Puerto Rico’s Jobos Bay reserve is comprised of nearly 3,000 acres of mangrove forest and wetlands, including the Mar Negro area and Cayo Pájaros, Cayos Barca, and Cayos Caribe—an array of coral reef-fringed mangrove islands at the mouth of the bay. The reserve includes extensive seagrass beds, upland dry forests, and lagoons, and is home to the endangered brown pelican, peregrine falcon, hawksbill turtle, yellow-shouldered blackbird, and the West Indian manatee. Through a combination of research, monitoring, and outreach, reserve staff work to advance the sustainable management of Puerto Rico’s coastal resources and to protect regional watersheds and wetlands.Visit the Reserve's Website
- State: Puerto Rico
- State Partner:
- Acreage: 2,883
- Habitats: Mangroves, wetlands, and a linear formation of tear-shaped, reef-fringed mangrove islands at the mouth of the bay. The reserve also includes extensive seagrass beds, upland dry forests, and lagoons.
- Designated: 1981
- Site Profile: View
The Jobos Bay reserve’s headquarters and visitor center is located in an historic building, which used to be the clubhouse for Aguirre’s Sugar Refinery Company. The building houses an administrative office, conference room, information center, exhibits, laboratory, and dormitories. The visitor center is open to the public from Monday to Saturday from 8 a.m. to 3:30 p.m. Talks and guided tours are offered with reservations at 787-853-4617 or contact firstname.lastname@example.org.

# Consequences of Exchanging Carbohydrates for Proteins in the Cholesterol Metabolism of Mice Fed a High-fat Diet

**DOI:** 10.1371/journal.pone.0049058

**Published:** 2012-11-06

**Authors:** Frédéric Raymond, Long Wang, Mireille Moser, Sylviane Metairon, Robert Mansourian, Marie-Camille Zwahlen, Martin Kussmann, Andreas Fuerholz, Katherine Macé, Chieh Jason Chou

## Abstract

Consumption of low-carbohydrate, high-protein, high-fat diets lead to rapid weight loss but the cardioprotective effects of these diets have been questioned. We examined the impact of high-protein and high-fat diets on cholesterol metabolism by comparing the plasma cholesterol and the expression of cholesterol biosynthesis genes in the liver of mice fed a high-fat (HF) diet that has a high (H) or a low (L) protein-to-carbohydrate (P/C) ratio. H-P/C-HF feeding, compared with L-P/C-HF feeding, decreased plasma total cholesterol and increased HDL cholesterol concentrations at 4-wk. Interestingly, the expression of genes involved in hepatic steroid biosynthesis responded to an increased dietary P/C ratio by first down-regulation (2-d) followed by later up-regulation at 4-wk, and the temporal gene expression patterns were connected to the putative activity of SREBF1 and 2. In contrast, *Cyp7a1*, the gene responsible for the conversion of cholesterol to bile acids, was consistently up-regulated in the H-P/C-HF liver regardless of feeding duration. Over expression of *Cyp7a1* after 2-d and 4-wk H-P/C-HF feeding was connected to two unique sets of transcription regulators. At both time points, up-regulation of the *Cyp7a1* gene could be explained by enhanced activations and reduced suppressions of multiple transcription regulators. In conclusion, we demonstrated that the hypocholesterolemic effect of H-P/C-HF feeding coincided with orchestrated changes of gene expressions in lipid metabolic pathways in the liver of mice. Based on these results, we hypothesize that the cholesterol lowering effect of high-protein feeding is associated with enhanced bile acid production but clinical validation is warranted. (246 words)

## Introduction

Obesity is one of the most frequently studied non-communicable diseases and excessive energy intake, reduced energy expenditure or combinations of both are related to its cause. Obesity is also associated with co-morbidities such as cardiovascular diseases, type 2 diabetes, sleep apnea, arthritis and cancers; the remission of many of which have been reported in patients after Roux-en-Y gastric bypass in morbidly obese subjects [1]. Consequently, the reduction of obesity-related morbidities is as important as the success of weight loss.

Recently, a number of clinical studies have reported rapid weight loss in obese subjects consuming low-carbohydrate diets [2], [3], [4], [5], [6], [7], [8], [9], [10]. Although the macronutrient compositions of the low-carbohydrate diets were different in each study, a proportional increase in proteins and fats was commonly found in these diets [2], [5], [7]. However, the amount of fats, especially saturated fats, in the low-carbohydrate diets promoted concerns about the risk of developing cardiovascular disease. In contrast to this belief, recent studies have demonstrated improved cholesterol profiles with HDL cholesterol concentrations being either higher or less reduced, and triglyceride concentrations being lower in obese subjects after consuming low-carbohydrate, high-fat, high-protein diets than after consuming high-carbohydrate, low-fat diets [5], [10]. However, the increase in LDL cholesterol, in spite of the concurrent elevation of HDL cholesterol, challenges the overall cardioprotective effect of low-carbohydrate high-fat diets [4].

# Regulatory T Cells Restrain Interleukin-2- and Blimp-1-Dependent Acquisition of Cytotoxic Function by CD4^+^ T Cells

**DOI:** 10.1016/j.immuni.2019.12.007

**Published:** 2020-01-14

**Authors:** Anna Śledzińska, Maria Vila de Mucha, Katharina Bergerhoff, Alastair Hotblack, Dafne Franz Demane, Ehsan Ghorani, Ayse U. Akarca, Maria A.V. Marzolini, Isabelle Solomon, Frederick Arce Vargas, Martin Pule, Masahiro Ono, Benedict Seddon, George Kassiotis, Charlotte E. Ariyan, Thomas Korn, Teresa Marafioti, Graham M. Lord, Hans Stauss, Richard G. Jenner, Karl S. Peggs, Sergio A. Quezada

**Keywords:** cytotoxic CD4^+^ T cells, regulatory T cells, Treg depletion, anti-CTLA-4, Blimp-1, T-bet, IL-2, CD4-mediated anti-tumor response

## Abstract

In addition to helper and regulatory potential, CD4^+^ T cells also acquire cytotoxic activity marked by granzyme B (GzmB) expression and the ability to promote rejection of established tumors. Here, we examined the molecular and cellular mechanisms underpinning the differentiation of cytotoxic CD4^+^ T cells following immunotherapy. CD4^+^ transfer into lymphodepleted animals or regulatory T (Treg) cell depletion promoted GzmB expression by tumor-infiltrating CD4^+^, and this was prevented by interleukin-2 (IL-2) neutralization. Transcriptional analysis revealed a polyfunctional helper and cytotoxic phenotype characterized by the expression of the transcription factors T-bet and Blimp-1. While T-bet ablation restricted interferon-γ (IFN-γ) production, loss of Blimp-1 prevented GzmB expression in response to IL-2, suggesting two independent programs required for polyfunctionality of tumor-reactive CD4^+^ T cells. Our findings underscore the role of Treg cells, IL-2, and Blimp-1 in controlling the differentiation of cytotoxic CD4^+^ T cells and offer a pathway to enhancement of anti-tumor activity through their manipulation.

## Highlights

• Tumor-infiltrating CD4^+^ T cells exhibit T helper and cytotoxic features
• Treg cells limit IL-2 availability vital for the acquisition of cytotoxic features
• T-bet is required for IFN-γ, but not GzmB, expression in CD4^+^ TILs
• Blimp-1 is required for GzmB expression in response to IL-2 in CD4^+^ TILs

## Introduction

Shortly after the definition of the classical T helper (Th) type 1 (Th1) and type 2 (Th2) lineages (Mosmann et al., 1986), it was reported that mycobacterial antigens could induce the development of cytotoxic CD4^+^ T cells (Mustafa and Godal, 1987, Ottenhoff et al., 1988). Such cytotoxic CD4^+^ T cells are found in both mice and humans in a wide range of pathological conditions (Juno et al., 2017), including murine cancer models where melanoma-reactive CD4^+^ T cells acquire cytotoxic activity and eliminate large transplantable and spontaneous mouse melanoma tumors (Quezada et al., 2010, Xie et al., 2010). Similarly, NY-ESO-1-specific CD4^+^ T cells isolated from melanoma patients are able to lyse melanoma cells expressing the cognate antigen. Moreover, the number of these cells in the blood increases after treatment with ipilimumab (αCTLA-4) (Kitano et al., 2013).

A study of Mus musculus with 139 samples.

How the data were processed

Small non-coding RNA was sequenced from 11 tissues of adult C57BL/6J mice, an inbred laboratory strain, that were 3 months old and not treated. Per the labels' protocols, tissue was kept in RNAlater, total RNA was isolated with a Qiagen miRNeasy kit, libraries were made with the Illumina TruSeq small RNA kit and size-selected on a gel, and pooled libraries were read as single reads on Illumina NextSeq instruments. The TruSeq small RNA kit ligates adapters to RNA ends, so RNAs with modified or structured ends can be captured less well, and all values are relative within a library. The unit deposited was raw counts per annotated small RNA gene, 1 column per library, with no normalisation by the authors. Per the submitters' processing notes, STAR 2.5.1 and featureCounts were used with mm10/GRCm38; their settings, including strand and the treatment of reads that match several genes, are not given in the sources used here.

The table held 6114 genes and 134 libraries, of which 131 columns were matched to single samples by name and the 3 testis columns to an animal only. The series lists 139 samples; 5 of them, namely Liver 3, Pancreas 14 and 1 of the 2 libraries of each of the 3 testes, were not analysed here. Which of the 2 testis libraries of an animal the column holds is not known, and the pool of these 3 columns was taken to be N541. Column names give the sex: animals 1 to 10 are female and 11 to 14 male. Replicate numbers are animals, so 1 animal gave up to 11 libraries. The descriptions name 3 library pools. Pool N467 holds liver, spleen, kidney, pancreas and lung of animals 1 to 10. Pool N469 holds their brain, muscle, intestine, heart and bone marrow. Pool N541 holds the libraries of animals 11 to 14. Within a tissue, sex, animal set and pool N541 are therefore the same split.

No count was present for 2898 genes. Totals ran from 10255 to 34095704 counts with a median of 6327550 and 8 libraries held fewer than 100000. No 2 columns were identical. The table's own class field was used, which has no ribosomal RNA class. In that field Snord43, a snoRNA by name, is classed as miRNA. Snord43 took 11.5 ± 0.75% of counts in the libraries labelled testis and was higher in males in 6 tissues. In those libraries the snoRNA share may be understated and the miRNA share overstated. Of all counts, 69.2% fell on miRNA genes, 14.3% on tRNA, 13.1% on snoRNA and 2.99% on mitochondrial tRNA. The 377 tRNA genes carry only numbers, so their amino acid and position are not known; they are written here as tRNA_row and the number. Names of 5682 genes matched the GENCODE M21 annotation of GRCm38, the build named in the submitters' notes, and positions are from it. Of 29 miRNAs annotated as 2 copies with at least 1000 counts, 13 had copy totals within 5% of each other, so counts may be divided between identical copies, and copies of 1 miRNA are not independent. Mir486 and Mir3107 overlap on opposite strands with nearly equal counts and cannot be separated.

There are many opportunities to support the work of the Jobos Bay reserve. Become a volunteer by sending an e-mail to email@example.com. Please state your age, availability, and fields are you interested in volunteering for.
Become a Friend
This reserve currently does not have a formal friends organization. Please stay tuned for more information.
Did you know?
The Jobos Bay reserve is the second largest estuary in Puerto Rico and is home to the endangered Antillian Manatee.